The rise in youth activism on climate change is not only uplifting to see – it’s frankly essential. This is particularly true at a time when Brexit dominates everything and the UK is gripped with political uncertainty.
The face of Greta Thunberg – the impassioned sixteen year-old Swedish climate activist has become synonymous with the rise youth climate activism.
Her dire warnings to global political elites of the impending realities of climate change have become the stuff of a million retweets and Facebook shares. With her clarity and rousing calls to action, she has become the face of a young generation of activists.
In recent weeks, the sight of thousands of school children skipping lessons to deliver dire warnings to those in power have lifted the spirits of millions of jaded older activists. They stand as a stark reminder of the future that all in the environmental movement are fighting for.
According the Intergovernmental Panel on Climate Change – we have under twelve years to prevent runaway climate change. While other issues have come to dominate both domestically and on the international stage, we have been losing time. Something which is at the forefront of the minds of the new, young generation of climate activists.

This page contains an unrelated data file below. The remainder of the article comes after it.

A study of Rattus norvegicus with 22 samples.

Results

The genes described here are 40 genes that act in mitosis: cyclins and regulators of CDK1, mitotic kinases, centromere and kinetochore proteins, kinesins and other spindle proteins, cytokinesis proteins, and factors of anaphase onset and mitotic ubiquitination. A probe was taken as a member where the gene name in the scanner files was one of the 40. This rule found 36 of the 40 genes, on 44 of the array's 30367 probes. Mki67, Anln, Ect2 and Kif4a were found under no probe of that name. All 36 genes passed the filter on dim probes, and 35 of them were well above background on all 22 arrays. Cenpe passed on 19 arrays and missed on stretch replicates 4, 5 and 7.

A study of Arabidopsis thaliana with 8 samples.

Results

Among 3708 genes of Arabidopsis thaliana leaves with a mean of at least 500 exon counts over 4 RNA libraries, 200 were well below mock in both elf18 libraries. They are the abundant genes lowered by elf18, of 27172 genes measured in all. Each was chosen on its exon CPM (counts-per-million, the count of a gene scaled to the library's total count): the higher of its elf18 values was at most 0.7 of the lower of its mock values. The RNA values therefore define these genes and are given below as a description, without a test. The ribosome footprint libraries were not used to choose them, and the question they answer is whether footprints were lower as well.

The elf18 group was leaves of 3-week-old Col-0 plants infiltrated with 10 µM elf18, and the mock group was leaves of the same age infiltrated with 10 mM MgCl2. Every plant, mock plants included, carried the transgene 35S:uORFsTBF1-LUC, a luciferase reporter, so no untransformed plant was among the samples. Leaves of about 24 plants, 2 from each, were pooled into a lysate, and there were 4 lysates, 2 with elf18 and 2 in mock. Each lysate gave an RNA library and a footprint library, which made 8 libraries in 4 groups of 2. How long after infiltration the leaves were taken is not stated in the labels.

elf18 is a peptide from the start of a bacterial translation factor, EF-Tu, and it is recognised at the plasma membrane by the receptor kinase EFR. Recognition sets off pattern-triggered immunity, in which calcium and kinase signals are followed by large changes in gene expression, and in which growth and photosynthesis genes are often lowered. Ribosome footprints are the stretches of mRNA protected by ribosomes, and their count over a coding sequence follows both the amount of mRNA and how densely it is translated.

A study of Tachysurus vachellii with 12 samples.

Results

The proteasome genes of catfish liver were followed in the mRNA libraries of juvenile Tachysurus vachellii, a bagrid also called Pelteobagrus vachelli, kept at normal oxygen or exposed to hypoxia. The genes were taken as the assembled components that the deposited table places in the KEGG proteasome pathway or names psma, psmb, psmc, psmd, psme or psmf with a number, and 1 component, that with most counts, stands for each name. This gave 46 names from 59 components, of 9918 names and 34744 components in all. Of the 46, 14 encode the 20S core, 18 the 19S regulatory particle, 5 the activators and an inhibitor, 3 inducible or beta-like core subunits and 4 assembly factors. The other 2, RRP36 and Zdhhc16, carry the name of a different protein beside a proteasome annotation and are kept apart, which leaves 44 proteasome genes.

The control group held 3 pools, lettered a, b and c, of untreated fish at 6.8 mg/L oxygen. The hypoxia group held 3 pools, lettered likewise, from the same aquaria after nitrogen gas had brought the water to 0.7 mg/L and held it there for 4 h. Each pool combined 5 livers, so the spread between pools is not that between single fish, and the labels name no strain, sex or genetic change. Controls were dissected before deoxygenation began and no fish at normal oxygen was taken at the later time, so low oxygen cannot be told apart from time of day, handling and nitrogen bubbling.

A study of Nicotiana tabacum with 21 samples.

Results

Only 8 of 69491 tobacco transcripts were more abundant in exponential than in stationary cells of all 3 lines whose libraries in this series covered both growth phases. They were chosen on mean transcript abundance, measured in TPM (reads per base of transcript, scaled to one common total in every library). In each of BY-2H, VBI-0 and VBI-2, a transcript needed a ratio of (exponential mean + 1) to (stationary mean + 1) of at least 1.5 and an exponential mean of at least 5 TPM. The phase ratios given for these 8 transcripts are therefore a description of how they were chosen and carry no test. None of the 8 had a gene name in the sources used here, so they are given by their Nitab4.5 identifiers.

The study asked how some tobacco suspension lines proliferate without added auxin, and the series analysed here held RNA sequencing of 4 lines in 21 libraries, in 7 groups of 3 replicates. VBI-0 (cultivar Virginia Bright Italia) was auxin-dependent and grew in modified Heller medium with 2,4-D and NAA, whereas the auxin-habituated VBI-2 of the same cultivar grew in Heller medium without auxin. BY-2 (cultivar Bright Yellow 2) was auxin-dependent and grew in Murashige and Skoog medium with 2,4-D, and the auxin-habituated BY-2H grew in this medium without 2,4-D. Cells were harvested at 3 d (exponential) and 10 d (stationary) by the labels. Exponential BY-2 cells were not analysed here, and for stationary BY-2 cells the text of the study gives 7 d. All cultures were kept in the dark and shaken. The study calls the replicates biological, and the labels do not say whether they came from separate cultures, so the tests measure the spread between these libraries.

From the rallying cries of the Extinction Rebellion Movement to Thunberg’s moving speeches – the tone of climate activism has changed and with good reason. For years it has been urgent but now that urgency is ever greater, and our movements are reinforcing this message.
As we speak of extinction, existential threat and the kind of future that may be denied to today’s young – we must not lose the justice arguments within the climate discussion. It is after all the world’s poorest people who will bear the brunt of the impacts of climate change, while the lion’s share of the responsibility lies with the global elite.
A Broad-based Movement
As 2019 unfolds – I hope it will be a year that sees a rising tide of climate action with young people leading from the front. Seeing people of all ages willing to take direct action as part of the Extinction rebellion Movement and young people demonstrating their passion for the cause is a reminder of the need for a large, broad-based movement to achieve the change we need.
It is essential that activists, whether aged nine or ninety-five draw connections between the big issues of our day – linking climate change with the role of the global elite and corporate power.
As activists and community members we must celebrate the informed passionate and creative approach that young people bring to climate campaigning. They are the ones who will suffer as a result of inaction.
The stereotype of the self-interested politically disengaged youth is a pernicious falsehood.
The School Strike for Climate movement is in its infancy and could be a powerful component of progressive environmental activism globally.
To challenge the vested interests that stand in the way of meaningful climate action – coordinated action between young and older activists of all ages is essential. Here’s to further strikes and young people in the UK and globally taking powerful steps to fight for a future for all of us.